Military tempts recruits with shopping vouchers as army numbers bomb to 200yr low

© Paul Hackett
Citing the lack of an appealing war to fill the ranks, military recruiters have been forced to offer serving soldiers a shopping voucher bounty to convince their friends to sign up.

Experts say the lack of an inspiring conflict has slowed the rate of recruitment at a time when the army is at its most poorly subscribed since the Napoleonic wars.

Serving soldiers have scoffed at the promise of vouchers, with one telling the Mail on Sunday that adverts for the scheme placed in barracks “are making us laugh.

I think we’re in a pathetic situation if this is what army recruitment has come to.

The posters aimed at encouraging soldiers’ friends to sign up read: “These aren’t just any mates. These are quick-thinking, morale-boosting legends.

That’s why they fit in the Army. Maybe you know someone who would too? Get them to join us and you pocket £100 in retail vouchers.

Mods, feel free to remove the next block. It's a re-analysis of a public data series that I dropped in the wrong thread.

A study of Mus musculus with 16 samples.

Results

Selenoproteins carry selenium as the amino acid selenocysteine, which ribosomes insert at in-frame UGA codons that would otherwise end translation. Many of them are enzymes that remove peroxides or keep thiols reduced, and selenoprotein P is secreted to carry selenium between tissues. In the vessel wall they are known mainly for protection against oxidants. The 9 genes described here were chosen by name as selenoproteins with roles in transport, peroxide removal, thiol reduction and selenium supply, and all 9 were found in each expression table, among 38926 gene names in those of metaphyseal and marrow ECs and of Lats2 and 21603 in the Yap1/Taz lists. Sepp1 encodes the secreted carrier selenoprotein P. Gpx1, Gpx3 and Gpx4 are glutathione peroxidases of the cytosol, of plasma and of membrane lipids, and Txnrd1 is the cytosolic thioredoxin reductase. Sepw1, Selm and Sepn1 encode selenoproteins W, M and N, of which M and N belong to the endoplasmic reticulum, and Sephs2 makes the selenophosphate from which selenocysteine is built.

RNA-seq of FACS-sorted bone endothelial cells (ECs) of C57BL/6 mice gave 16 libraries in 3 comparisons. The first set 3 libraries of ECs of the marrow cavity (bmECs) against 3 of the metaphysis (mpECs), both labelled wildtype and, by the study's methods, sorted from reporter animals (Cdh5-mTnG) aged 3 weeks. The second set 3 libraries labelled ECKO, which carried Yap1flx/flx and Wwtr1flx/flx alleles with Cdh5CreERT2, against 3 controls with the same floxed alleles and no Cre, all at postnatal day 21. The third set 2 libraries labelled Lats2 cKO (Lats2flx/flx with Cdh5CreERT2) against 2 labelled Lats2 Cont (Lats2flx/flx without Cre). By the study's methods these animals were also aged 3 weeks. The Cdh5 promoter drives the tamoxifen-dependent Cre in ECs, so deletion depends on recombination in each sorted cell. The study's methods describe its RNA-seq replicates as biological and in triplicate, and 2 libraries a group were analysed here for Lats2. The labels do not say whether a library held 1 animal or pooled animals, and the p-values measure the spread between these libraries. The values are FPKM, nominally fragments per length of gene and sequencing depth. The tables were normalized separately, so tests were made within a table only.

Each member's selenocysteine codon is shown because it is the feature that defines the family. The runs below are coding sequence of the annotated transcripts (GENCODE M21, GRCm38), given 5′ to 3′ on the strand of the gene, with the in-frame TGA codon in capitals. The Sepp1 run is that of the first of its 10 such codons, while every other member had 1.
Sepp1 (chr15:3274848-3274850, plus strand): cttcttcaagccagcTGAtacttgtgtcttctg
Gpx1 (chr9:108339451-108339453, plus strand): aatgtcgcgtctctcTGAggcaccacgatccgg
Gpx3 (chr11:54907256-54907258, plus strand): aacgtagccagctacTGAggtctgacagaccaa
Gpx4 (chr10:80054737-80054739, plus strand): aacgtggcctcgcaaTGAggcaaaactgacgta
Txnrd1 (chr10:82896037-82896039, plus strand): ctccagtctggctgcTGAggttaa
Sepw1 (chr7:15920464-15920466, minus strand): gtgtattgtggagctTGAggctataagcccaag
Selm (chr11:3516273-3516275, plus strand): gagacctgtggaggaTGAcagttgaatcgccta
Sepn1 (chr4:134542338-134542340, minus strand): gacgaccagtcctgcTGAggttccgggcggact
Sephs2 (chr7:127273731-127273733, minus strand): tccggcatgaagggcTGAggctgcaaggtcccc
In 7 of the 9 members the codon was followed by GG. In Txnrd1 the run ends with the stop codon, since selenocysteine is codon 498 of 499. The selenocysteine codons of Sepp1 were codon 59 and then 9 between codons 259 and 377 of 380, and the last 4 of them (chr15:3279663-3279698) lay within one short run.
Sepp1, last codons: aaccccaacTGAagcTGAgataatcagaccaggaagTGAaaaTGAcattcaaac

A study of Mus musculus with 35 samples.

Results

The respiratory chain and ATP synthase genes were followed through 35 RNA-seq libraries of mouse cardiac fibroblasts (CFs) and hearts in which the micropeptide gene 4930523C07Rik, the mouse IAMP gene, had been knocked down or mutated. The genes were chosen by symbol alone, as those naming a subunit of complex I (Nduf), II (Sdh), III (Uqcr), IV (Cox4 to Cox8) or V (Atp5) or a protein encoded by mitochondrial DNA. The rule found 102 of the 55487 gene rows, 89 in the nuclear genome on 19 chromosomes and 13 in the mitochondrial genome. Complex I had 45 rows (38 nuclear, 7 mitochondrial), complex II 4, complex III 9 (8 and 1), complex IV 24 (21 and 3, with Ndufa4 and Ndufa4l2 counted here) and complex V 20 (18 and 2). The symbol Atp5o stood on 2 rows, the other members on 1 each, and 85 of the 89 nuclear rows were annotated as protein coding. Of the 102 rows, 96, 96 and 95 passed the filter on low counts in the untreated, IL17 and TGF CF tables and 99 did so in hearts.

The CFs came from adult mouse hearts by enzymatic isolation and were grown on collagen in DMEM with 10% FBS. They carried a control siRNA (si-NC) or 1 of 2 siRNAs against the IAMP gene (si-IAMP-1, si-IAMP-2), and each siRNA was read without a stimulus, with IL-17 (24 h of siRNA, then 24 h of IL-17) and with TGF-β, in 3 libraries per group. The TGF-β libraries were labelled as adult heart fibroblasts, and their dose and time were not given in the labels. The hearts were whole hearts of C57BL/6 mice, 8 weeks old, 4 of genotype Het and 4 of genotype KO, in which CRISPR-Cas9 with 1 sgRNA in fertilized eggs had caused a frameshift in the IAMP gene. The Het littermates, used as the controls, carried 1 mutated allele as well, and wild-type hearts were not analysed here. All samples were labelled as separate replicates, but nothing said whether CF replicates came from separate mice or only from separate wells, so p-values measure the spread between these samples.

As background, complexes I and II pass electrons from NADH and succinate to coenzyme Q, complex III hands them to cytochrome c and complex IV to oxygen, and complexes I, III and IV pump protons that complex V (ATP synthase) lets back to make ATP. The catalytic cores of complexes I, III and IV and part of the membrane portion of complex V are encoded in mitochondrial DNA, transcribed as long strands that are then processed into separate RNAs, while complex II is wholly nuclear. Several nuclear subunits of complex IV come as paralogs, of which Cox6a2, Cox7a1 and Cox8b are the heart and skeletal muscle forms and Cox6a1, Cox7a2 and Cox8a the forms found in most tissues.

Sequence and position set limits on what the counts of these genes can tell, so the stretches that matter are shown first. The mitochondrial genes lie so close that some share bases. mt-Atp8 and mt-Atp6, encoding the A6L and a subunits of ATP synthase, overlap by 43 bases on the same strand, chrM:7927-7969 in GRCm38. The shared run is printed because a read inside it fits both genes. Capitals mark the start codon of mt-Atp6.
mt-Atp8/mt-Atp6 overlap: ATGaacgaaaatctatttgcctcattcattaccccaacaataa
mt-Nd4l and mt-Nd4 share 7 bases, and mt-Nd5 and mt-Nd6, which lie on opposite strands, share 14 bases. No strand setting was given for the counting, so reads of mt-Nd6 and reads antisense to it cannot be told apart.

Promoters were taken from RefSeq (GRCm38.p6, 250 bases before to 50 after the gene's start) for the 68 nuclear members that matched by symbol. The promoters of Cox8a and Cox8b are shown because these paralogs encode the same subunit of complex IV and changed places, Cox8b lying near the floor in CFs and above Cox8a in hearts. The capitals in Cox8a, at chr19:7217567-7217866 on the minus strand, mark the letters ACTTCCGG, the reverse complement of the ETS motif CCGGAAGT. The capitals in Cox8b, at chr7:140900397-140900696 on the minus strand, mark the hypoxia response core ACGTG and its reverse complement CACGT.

An individual serviceman can claim up to £500 worth (US$665) of vouchers for getting his mates to enlist.

The move comes after it emerged the British Army has fallen below its symbolic 80,000 strength. The number of regular soldiers currently stands at 79,590.

The Royal Navy and Royal Air Force (RAF) are also undermanned by hundreds of personnel following years of austerity under Tory government.

Recruiters also believe the end of combat operations in Afghanistan in 2014 has contributed to the slump.

When we are on operations, it’s a little bit easier, strangely enough. Soldiers want to get out there and get rounds down,” one army source told the Telegraph.

Charles Heyman, who edits the annual Armed Forces of the United Kingdom guide, and was himself an army officer, told the Telegraph: “It’s significant because it is part of a trend and the army is going to find it difficult to catch up quickly.

There’s no doubt that not having Afghanistan does have an impact on recruiting. There’s a lot of opportunities in civilian life and there’s not really any fresh thinking about how to get people to serve in the army,” Heyman warned.